How a famous Montreal bridge is getting a second life at a camp for Scouts – Montreal

After being decommissioned nearly four years ago, part of the original Champlain Bridge, the steel structure that connected the Island of Montreal to the south shore, will live on at the longest continuously open Scout camp in Quebec.

A few pieces of the bridge will go toward a brand new crossing — but of a different kind. They will be used to build a footbridge at the sprawling Dunn Memorial Scout Camp in Elgin, Que., about 80 kilometres southwest of Montreal near the United States border. The camp, which has been open since 1954, spans about 100 acres and borders the Châteauguay River.

Cory Ovans, chair of the camp, said the footbridge will be constructed above a swamp to allow Scouts and campers to officially cross between two camps at the site. It will also replace the old one, which has slowly rotted away after nearly 20 years.

“Our 70th anniversary is next year,” Ovans said in a recent interview. “So we’re hoping to have the bridge at least partially completed by then because we’re going to do a big field day in celebration of the 70th.”

The Dunn Memorial Scout Camp is one of 11 winners of the original Champlain Bridge Material Reuse Competition. More than 400 steel components dismantled from the bridge will be used in different initiatives, ranging from a residential greenhouse to works of art.

Dunn Memorial Scout Camp welcomes hundreds of Scouts and other young campers every year.

Cory Ovans/ Dunn Memorial Scout Camp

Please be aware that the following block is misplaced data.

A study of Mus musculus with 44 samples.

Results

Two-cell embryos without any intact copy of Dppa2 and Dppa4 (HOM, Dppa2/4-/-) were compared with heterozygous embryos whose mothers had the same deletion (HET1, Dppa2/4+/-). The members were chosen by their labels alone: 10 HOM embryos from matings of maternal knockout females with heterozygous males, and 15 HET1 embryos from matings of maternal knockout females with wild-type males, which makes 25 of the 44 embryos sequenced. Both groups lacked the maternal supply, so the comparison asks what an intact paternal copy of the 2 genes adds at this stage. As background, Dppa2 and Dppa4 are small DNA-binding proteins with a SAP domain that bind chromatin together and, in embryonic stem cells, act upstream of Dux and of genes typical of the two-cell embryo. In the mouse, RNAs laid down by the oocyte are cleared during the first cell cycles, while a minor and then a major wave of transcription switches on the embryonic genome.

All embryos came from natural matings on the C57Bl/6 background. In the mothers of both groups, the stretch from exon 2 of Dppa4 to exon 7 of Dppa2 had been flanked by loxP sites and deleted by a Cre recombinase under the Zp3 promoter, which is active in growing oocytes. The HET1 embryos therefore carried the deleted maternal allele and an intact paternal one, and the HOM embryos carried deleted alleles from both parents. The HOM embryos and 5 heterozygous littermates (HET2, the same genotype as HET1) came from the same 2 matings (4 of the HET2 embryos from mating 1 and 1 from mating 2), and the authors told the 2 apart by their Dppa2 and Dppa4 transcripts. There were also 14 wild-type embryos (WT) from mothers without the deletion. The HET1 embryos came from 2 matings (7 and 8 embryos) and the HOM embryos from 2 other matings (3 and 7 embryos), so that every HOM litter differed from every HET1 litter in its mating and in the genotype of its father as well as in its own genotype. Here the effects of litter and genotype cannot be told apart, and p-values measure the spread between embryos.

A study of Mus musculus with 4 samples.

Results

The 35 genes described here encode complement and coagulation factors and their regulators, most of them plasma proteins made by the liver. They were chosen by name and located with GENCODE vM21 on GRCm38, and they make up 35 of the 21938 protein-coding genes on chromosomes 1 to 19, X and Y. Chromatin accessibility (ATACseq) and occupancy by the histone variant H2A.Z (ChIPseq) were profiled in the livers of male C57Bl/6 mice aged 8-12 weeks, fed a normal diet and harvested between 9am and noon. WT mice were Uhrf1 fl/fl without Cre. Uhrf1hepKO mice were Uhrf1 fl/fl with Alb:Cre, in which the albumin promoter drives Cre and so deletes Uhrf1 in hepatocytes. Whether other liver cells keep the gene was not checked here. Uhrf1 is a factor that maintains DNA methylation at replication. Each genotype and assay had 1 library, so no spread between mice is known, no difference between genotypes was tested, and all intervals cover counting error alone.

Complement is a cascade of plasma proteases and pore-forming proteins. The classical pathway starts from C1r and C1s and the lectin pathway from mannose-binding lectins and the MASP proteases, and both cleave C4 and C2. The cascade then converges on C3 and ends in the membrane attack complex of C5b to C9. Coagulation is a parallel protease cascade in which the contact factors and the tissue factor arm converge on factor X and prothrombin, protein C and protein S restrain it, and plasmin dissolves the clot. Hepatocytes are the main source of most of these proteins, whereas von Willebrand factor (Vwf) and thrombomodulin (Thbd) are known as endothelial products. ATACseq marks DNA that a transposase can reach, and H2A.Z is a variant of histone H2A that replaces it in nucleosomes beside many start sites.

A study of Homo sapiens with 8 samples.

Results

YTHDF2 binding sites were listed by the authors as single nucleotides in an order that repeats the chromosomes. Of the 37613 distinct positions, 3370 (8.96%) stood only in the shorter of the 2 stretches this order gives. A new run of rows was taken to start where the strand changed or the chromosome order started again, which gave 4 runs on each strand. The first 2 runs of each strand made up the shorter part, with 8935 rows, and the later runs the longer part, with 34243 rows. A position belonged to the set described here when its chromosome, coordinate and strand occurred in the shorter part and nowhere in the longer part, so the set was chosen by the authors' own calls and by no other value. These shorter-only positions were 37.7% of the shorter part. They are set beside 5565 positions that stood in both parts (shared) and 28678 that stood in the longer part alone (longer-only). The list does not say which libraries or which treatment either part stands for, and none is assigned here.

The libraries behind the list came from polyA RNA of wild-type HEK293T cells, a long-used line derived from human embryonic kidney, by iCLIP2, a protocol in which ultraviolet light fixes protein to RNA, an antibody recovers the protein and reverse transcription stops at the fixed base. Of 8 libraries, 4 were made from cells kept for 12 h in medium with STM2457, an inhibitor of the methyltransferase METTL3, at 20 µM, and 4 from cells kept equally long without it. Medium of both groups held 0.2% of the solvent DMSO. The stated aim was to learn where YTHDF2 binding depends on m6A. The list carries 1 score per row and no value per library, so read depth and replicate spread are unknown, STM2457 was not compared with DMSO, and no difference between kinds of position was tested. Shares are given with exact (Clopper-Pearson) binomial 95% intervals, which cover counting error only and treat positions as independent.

Sandra Martel, CEO of Jacques Cartier and Champlain Bridges Incorporated,  said the variety of projects will honour the memory of an important structure in Montreal’s history. The old bridge over the St. Lawrence River is set to be fully deconstructed by January 2024.

“The participants have shown creativity and innovation, and we look forward to seeing these proposals come to life,” Martel said in a statement in late April, when the winners were announced.

At the Scout camp, the footbridge comprised of the historic pieces of steel will officially be called the Sunshine Bridge. The moniker is in honour of Cecile Antink, whose Scout leader name is Sunshine. The bridge will be used to commute on the old Champlain Bridge every day “so it’s particularly special to her.”

“I wanted to honour her in some way,” Ovans said.

Antink is not only passionate about the project, she is the driving force behind Scouting in the area, Ovans said. After taking six months to design the footbridge and drafting paperwork, the camp’s committee submitted their application. About a year later, their project was selected as one of the winners of the competition.

The crossing will be built thanks to the dedication of volunteers, ranging from farmers to construction workers. A former camper who is now a welder has offered his time while a trucking company will help pick up and transport the steel pieces of the original Champlain Bridge to the site.

Malyssa Houle stands where the old footbridge is at Dunn Memorial Scout Camp.

Cory Ovans/Dunn Memorial Scout Camp


The community has come together to lend a helping hand to put up the Sunshine Bridge, which is set to be about eight feet (2.4 metres) wide by 60 feet (18.2 metres) long. Ovans put a call out online and people quickly responded to offer their services.

“It has been shocking, but really amazing,” Ovans said.

The Sunshine Bridge should take about a year to build and the priority is not to damage the swamp or trees at the site, he added. Ovans has no doubt that it will go to good use too, since hundreds of campers use the site every year.

Dunn Memorial Scout Camp has strong ties in the community and a rich history in the area, so it is no surprise people are excited to help with the project. About 20 people have already shown interest in helping the construction the new footbridge.

“I’m sure everyone is going to come out of the woodwork,” Ovans said.